David, Aaron, Eve, Edith (who called herself my vice-mother because I spent so much time at her house), Carla’s beloved siblings, and the legions of Carla’s friends:
It’s hard to talk briefly (hard to talk at all) about someone who has been a part of my life for ALL of my life – literally. We were in the same playpen as babies. At age 3, we splashed around under a backyard hose, wearing only a bathing cap. We went to elementary school, high school, and camp together, and we remained close friends for over 74 years.
Carla said what little she knew about being Jewish, she learned at my house (until she met David, of course). She would come to my house for the holidays, and my father would read to us from “What the Moon Brought” (we identified with the two little girls, Ruth and Debbie -- one blond and the other dark-haired). As adults, it was reversed: Carla and David made sure that I was included in all of their Jewish holiday celebrations, especially after my parents died.
In our early years (age seven or eight), we would play a game Carla invented – one of us would be the wicked stepmother, and the other the princess who was ordered to chop dirt, and then made to sit in the gazebo in Carla’s backyard, pretending to be chained to the swing for failing to chop the dirt fast enough. Heaven knows what books Carla was reading then – possibly “East of the Sun and West of the Moon,” but she always had us switch roles so each of us could have a turn being the wicked stepmother (clearly the better role).
Carla continued to organize everything throughout her life – our trips to Chautauqua, to Toronto for the Fringe Theater Festival, to Stratford for the Shakespeare Festival, and of course, many trips to Mexico. And she sometimes tried to organize our lives as well.
As children, we often spent afternoons reading. We once read a story about a man who convinces a dragon-like animal who ate little girls’ dolls, to eat instead a concoction called jum-jills. We began to quote the dragon, “And very good they are – jum-jills,” whenever we ate something new that we really liked. And I have to admit that we were still doing it in our seventies. When a little bit older, we sometimes went to her grandmother’s house, who had us read Shakespeare plays aloud with her.
We frequently went to the movies – we saw “Wuthering Heights” and fell in love with Lawrence Olivier. One doesn’t associate Carla with pin-ups, but she kept a photo of him on her bedroom wall all through high school. Carla never was one to hide her emotions, and we teased her, saying she even cried in “Tom and Jerry” cartoons, so you can imagine how she wept when we celebrated my 16th birthday by seeing “The Red Shoes.”
If Carla’s Jewish education came from my family, much of my political education came from the Furstenbergs. I remember our going with her father to hear Senator Paul Douglas speak. That was back in the day when there were some senatorial giants, not the pygmies we mostly have today. After the Senator’s talk, Carla’s father introduced us to him. When he shook our hands, we were so excited that we decided we wouldn’t wash our hands for a week (our mothers probably had something to say about that)..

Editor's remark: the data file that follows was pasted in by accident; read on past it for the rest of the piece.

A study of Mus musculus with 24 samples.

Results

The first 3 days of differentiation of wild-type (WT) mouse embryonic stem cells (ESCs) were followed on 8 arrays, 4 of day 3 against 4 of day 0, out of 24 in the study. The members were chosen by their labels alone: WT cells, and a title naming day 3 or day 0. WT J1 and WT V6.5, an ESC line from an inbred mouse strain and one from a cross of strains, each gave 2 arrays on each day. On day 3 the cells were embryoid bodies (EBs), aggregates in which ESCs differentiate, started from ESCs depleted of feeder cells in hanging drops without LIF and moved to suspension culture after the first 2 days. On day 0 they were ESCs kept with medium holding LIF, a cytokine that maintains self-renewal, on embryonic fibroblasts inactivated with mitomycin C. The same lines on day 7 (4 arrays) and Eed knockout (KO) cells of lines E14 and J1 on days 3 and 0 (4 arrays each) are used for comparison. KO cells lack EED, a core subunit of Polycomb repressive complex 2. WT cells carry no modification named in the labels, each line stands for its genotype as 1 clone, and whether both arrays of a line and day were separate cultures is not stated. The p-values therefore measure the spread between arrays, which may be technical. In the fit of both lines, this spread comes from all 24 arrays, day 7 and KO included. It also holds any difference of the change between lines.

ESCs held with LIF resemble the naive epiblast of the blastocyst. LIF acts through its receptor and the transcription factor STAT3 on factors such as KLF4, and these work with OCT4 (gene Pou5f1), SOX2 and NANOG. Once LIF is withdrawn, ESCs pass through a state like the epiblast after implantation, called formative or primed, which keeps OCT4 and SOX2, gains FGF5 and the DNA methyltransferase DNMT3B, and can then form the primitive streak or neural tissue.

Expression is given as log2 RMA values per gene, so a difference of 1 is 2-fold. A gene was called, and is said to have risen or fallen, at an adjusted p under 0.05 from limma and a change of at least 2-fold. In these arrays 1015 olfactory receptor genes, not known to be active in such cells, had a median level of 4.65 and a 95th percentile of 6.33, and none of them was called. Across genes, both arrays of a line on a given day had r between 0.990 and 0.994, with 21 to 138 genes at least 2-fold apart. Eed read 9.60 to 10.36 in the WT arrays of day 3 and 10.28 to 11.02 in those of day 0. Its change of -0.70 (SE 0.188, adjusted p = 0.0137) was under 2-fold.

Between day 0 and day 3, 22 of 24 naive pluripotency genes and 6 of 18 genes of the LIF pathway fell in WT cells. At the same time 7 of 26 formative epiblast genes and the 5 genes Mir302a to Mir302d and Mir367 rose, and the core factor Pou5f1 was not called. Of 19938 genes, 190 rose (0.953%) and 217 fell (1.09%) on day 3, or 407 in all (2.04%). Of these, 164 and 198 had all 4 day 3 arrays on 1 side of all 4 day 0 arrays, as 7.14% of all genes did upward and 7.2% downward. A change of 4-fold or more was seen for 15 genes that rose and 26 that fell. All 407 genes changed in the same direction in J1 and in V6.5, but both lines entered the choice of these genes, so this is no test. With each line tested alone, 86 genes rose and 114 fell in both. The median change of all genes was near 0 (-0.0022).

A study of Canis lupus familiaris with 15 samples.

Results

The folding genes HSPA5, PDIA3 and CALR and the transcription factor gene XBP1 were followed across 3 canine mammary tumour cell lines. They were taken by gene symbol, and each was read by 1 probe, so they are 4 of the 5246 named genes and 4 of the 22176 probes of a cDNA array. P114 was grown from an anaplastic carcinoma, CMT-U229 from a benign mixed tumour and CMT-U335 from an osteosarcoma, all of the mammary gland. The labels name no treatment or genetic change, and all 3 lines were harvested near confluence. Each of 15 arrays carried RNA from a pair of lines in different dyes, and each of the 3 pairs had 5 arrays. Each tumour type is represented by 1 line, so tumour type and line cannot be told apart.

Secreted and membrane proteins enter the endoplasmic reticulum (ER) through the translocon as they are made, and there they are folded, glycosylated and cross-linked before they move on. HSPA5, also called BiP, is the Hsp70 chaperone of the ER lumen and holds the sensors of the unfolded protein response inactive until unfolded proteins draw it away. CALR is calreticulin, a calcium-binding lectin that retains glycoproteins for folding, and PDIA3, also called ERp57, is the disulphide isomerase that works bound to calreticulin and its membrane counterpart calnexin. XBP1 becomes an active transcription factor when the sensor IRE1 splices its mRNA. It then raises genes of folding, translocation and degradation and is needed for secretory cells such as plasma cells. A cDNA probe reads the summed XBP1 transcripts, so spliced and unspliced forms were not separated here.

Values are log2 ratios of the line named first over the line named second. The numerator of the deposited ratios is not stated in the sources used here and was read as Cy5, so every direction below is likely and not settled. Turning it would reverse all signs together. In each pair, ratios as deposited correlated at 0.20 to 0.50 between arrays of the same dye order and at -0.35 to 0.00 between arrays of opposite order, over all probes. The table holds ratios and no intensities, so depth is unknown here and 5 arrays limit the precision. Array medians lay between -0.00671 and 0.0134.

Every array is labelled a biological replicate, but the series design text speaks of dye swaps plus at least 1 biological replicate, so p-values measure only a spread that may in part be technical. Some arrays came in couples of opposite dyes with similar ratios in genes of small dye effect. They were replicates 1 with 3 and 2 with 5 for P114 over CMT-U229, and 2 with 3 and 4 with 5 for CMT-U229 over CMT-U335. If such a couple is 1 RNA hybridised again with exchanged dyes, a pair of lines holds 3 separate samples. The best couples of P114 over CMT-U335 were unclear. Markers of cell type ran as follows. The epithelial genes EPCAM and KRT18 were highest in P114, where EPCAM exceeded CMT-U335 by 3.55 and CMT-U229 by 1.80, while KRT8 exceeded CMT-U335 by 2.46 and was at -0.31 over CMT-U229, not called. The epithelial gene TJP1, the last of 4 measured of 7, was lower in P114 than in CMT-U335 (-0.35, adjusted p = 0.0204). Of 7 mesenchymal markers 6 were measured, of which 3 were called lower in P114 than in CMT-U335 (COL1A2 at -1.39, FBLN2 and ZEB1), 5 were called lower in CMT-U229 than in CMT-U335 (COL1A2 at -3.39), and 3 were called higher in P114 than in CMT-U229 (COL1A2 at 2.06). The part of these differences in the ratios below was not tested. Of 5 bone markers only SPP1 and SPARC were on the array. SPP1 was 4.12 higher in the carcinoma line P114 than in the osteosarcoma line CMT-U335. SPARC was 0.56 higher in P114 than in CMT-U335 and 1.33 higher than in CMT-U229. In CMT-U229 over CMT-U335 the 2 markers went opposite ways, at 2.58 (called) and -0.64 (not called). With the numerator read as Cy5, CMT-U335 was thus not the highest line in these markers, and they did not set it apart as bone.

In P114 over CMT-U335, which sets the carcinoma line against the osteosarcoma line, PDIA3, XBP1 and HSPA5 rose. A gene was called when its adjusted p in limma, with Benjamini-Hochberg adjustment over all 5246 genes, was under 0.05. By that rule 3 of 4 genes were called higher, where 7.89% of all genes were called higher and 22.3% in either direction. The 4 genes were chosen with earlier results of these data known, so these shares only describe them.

Carla and I shared an efficiency apartment in Manhattan the summer after her freshman year. The apartment was awful – we even had to share a bathroom with the other residents on our floor, some of whom were a bit unsavory. That was an adventure! One weekend, we (rather, Carla) decided to go to the Bronz Zoo. After we arrived, Carla announced that people were more interesting than the animals – so we spent the rest of the afternoon people-watching from an outdoor café near the entrance of the zoo (combining her love of sitting in the sun, drinking cappuccino, commenting on the endless variety of people, and speculating on the stories of their lives). How she loved to do that in the zocalo in Oaxaca!
One more early memory – Carla and David were married in her parents’ yard. I remember the smell of the boxwood, Carla’s beautiful pale blue dress, and the brightest smile I had ever seen on her. (What a joy to also be present at their 50th wedding anniversary party two years ago.)
From her childhood, to her adolescence, to today, the essential Carla remained unchanged: She always had an overwhelmingly generous spirit, was a voracious reader, and had an enthusiasm that was infectious. She was totally uninhibited about expressing her opinions – whether negative or positive. (She often expressed her views at an opera she liked with such exuberance that people would turn around.) She even cooked with exuberance. She loved being at the center of intellectually stimulating conversations about literature, art and architecture, and politics. I often told her that had she lived in the 18th century, she would have been famous for hosting the leading salon of the day – as it was, her dining and living rooms functioned as a 20th century salon. Then Politics & Prose became her salon writ large.
Carol, another lifelong friend, commented recently that while it may be a trite thing to say in general, Carla really was a “life force,” pulling you into her orbit. Regardless of all her fame and the accolades she received for her work, she never forgot her old friends. She was particularly good at including her single friends. At the same time, she was constantly making new friends and drawing them into her orbit as well.
Carla, you have been such an important part of my life from the beginning – a world without a Carla in it just doesn’t seem possible (and certainly less interesting). But I know she will always be with us. Once you know her, you can’t forget her.